HARRISBURG — Students enrolled at 14 universities in the Pennsylvania State System of Higher Education will pay $198 more in annual tuition in 2014-15, or $99 more each semester.
The system includes such schools as Bloomsburg, East Stroudsburg and Lock Haven universities.
The PASSHE Board of Governors approved the new cost of tuition on Tuesday.
The base tuition rate for full-time, resident undergraduate students attending any of the PASSHE universities this fall will be $3,410 a semester, or $6,820 for the full academic year. Nearly 90 percent of PASSHE students are Pennsylvania residents and about 85 percent attend full-time.
With the tuition and other anticipated fee increases, the average total cost of attendance for a full-time, resident student at a PASSHE university next year – including combined tuition, fees, room and board – will be about $18,500. Full-time, nonresident tuition will range from about $7,160 to $17,050.
The tuition increase approved by the board essentially matches next year’s projected rate of inflation of about 3 percent. It marks the eighth time in the last 10 years PASSHE has been able keep the increase at close to the inflation rate.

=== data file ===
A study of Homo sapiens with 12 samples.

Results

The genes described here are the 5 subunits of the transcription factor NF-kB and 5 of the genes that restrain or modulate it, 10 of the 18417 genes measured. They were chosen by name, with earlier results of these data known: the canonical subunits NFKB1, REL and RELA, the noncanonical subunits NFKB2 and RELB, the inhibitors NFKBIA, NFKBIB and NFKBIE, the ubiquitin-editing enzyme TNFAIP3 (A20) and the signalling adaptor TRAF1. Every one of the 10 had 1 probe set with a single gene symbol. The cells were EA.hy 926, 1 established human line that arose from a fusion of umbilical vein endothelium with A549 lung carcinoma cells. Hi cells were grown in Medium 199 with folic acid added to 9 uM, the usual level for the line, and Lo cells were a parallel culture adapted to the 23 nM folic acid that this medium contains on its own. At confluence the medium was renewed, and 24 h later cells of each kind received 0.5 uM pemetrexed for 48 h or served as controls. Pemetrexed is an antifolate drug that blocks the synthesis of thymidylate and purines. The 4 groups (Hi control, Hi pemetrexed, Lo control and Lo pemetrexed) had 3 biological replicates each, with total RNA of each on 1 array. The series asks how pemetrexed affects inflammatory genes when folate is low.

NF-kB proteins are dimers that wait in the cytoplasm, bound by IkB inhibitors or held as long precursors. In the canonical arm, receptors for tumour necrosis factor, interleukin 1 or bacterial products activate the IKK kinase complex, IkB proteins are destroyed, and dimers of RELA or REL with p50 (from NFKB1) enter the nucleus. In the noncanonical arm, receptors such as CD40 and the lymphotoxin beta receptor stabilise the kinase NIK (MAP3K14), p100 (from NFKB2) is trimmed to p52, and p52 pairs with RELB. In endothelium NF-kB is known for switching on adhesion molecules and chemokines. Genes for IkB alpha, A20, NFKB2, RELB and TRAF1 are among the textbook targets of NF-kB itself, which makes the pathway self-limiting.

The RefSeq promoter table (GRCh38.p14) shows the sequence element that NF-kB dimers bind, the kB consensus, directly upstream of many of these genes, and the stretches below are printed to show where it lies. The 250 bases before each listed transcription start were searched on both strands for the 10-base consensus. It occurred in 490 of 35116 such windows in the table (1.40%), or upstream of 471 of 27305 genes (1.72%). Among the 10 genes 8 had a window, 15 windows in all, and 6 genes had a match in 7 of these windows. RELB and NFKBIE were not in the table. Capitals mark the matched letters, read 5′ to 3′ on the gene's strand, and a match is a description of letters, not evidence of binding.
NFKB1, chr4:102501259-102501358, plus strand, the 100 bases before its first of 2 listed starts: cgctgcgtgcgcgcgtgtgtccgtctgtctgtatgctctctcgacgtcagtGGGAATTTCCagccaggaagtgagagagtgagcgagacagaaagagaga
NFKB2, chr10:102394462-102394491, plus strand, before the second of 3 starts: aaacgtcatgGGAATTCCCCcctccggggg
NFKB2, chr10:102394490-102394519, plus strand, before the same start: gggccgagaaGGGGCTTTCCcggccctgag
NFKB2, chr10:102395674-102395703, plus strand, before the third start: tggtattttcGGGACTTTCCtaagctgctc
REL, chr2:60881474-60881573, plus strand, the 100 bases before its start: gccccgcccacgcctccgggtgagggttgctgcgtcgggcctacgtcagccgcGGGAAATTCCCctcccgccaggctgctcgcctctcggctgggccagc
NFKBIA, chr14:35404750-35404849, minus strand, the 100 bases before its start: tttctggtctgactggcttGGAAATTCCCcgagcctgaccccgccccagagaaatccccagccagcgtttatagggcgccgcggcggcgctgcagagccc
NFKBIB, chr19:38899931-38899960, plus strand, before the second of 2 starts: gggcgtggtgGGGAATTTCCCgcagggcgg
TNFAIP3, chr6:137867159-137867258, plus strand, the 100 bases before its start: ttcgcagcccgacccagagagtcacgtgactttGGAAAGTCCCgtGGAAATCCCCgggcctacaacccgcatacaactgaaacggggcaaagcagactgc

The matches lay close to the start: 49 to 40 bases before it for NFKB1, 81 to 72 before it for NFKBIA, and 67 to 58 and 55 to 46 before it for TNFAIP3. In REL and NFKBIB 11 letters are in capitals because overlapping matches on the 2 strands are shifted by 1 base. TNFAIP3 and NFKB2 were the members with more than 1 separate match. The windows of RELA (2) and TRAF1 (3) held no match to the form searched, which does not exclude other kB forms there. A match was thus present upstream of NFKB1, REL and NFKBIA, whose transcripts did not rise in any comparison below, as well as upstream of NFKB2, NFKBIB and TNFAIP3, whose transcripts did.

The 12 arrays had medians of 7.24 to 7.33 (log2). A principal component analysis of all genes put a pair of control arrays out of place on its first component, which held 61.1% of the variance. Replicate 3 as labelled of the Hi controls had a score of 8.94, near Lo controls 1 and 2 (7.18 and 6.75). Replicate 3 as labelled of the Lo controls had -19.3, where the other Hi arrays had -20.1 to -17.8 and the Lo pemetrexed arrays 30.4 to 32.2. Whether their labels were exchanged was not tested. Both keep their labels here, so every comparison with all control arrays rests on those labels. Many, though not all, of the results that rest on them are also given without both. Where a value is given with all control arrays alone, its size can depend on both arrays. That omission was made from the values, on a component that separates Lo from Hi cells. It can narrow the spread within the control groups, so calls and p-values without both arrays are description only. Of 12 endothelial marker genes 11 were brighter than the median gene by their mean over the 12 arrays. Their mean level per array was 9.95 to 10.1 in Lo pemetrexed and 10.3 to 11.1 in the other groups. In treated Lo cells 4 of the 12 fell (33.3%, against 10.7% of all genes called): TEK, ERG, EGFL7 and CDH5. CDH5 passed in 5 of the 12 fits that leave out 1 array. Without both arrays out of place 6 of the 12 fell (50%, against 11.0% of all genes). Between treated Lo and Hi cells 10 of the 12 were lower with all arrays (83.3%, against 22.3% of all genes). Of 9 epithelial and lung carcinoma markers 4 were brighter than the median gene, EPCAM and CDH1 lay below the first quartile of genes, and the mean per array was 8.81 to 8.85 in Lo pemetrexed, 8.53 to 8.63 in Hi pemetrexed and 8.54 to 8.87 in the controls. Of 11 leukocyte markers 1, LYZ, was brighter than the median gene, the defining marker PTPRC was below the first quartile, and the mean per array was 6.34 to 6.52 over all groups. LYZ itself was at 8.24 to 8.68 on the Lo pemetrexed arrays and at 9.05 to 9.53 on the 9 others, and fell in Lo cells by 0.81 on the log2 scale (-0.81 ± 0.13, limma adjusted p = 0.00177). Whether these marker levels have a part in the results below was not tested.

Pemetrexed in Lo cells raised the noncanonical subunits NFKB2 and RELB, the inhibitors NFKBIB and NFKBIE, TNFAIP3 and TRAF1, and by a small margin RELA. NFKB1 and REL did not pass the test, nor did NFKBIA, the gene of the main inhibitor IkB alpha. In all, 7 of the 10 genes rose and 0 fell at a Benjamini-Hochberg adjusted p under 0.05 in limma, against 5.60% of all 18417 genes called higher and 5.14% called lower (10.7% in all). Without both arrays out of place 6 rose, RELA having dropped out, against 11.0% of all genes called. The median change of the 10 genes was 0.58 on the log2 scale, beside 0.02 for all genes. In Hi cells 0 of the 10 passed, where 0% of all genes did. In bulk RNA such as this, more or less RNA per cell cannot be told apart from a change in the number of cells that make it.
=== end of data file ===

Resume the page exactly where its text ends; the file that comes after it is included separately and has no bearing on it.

It has been able to do so even though state funding has been held steady for four consecutive years and now stands at just slightly above the amount that was received in 1997-98 – 17 years ago.
As funding support has declined over the last decade, the universities have eliminated or avoided more than $250 million in operating costs from their combined budgets through efforts such as strategic sourcing, energy management, automating processes and services, reducing staffing levels and eliminating non-core and lower-priority programs and functions.
The universities will need to make additional combined reductions totaling about $30 million this year in order to balance their budgets.
The 2014-15 state budget passed by the legislature last week and awaiting Gov. Tom Corbett’s signature includes about $412.7 million for PASSHE, the same amount it has received each year since 2011-12, and about $90 million less than it received in combined state and federal funds in 2010-11.